You know Sears Holdings Corp (SHLD) and its investors are in trouble when the best thing that can be said of the retailer’s most recent quarterly numbers is, they weren’t as bad as expected. It’s surprising SHLD stock wasn’t down more than the 3% it was off immediately after its results were released Thursday morning.

sears holdings eddie-lampert-sears-ceoYes, the saga of Sears under the leadership of hedge fund manager and acting CEO Eddie Lampert continues, and though there were admittedly a couple of bright spots buried in rubble of the company’s third quarter income statement and balance sheet, by and large it’s more of the same — and that’s the problem.

Sears Holdings Q3 Results

For the three month period ending on Nov 1, Sears Holdings lost $5.15 per share, versus a loss of $5.03 per share of SHLD stock in the same quarter a year earlier. Revenue fell from $8.3 billion a year earlier  to $7.2 billion this time around, though to be fair, almost all of that decline was attributable to store closures and the shedding of divisions like Land’s End, Inc. (LE) and Sears Canada (SRSC).

On the upside, same-store sales were up 0.5% for Kmart Corporation, and would have been up 1% for Sears stores if excluding  the impact of its shrinking consumer electronics business. They were down 0.7% for Sears stores factoring in consumer electronics.

And, the loss of earnings before interest, taxes, depreciation and amortization (EBITDA) was technically smaller, shrinking from to $296 million for the quarter compared to a loss of $310 million a year ago.

Still, from a holistic and unbiased view, the only progress Lampert actually seems to be making with Sears Holdings is reducing its ability to generate losses by shrinking the company itself.

Gross margins of 22.2% were still weaker than gross margins of 23.3% from Q3 a year ago, while selling and administrative expenses rolled in at 27.9% of revenue versus only 27.3% for the same quarter a year earlier.

The company’s net loss — even before any tax adjustments — as a percent of sales was 6.5% in the third quarter of this year, roughly in line with a figure of 6.6% in the third quarter of last year.

Said another way, SHLD stock owners aren’t really any closer to a recovery than they’ve been at any point in the last several years, despite the relatively rosy picture Eddie Lampert continues to paint.

Eddie Lampert Says …

Lampert offered his usual upbeat take on trailing results and the future by adding to Thursday morning’s release of last quarter’s numbers:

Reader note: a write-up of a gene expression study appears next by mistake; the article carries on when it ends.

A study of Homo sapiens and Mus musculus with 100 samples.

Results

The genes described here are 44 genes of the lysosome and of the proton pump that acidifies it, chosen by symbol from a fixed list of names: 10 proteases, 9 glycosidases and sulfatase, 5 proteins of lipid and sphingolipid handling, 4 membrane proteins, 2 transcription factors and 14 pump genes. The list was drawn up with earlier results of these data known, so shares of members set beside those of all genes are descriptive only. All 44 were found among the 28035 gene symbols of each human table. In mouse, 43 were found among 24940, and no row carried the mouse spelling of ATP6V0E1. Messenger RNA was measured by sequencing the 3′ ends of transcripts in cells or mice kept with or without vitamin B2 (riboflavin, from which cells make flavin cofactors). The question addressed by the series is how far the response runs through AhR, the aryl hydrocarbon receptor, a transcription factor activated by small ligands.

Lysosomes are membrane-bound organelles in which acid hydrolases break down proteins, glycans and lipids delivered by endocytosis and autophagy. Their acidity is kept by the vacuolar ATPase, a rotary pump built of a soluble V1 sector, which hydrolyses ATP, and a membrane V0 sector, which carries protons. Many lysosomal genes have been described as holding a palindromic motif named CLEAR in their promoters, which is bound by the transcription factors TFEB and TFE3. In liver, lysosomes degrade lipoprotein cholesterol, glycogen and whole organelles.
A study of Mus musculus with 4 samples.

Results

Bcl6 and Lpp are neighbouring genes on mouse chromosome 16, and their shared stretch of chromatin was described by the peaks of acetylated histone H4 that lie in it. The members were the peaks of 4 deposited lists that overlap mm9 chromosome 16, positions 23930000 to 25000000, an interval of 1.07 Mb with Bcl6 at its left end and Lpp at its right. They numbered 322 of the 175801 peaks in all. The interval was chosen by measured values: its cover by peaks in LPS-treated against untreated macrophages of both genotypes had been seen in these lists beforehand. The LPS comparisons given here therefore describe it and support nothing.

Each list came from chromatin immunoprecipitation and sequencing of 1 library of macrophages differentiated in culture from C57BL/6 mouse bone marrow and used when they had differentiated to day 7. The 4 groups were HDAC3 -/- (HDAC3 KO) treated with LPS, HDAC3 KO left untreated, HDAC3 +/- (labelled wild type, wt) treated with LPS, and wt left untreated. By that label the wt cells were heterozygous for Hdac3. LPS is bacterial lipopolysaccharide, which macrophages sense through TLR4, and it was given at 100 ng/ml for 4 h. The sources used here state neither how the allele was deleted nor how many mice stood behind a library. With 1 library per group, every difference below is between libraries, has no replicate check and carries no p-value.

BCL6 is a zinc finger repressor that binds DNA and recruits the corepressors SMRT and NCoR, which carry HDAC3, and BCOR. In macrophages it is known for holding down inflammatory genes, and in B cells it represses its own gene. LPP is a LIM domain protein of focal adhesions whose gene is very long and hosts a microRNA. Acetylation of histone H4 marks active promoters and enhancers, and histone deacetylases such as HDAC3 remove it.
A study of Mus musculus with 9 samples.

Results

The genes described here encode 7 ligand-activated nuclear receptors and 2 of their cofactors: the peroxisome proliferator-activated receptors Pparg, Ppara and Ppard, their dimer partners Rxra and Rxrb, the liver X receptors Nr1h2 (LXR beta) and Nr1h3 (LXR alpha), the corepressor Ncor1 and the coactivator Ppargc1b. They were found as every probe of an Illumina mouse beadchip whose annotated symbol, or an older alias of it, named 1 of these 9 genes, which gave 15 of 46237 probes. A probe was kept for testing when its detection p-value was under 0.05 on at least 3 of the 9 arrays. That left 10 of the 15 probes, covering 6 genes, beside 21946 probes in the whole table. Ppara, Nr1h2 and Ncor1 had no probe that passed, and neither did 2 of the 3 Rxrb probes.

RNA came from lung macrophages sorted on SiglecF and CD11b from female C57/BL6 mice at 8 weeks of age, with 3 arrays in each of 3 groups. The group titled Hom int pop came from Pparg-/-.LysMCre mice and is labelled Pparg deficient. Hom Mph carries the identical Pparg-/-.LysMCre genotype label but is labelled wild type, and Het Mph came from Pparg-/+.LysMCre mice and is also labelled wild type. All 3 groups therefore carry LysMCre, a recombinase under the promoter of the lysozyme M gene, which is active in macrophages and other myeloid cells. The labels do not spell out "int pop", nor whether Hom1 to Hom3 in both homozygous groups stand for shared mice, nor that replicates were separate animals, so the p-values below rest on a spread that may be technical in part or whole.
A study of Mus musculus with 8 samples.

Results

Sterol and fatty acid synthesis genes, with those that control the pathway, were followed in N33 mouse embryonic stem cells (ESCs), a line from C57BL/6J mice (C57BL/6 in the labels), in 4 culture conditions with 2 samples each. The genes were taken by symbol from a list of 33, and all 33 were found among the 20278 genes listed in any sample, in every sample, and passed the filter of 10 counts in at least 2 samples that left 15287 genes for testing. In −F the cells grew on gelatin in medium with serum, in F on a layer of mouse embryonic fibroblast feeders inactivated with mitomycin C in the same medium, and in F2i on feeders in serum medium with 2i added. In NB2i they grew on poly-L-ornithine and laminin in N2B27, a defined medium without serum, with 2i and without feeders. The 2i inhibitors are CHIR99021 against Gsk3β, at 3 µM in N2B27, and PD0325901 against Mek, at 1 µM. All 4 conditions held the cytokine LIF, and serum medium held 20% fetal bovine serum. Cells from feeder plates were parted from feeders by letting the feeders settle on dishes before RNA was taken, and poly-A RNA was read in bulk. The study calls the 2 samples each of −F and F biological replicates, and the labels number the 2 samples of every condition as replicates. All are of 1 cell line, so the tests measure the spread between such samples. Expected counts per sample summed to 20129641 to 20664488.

“We remain intently focused on delivering an unparalleled integrated retail experience for our customers through Shop Your Way and above all, returning Sears Holdings to profitability. During the quarter, we unveiled or expanded several integrated retail customer initiatives, which helped drive online and multi-channel sales. Our members are responding to our transformation, and we are encouraged by the year-over-year domestic adjusted EBITDA trends, which mark a positive departure from the prior six quarters. At the same time, we continue to enhance the company’s capital structure and liquidity to support our transformation into an integrated membership-focused company.”

It is true that online sales grew last quarter, to the tune of 9%. Clearly that growth wasn’t offset by the decline in sales at actual brick-and-mortar stores, though.

As for EBITDA progress, again, Lampert is technically correct — the EBITDA loss did shrink on a year-over-year basis. As a percent of sales, however, the EBITDA loss widened, from  3.7% to 4.1%.

Respectfully to Mr. Lampert, that’s not exactly progress even though the entire (stated) idea of store closures and asset sales was to rid yourselves of underperformers and unlock value…. the value of the organization’s real estate in particular.

Perhaps the most concerning of Lampert’s comments to current owners of SHLD stock, however, is his definition of “enhanced capital structure and liquidity.” Yes, liquidity and access to credit did improve. Sears now has access to $1.5 billion in credit, and ended the previous quarter with $326 million in cash.

It also ended the quarter with $2.1 billion worth of short-term borrowing debt, up from $1.75 billion a year ago, and with $2.76 billion in long-term liabilities, which was actually down a little from $2.86 billion worth of long-term liabilities at this point in the year in 2013. Overall, the company’s total financial obligations are up slightly from year-ago levels — not lower.

Besides, greater liquidity won’t mean a thing if Sears can’t actually solve it’s bigger problem, which is an inability to attract shoppers and sell them more merchandise at a profitable price.

Bottom Line

Unfortunately, it’s more of the same for those who have a stake in SHLD stock — a proverbial shell game on the liquidity front, more encouraging talk of the “transformation” that’s apparently been underway for years (but has yet to make any forward progress), and smoke and mirrors designed to distract the market away from the fact that Sears Holdings lost a total of $548 million last quarter, has lost $1.5 billion year-to-date, and has lost $6.9 billion since fiscal 2011.

If Sears Holdings going to survive, at this point it’s going to need more than liquidity to do so. It’s going to need sales and profit growth, which is the one thing Eddie Lampert doesn’t seem able to engineer.

As of this writing, James Brumley did not hold a position in any of the aforementioned securities.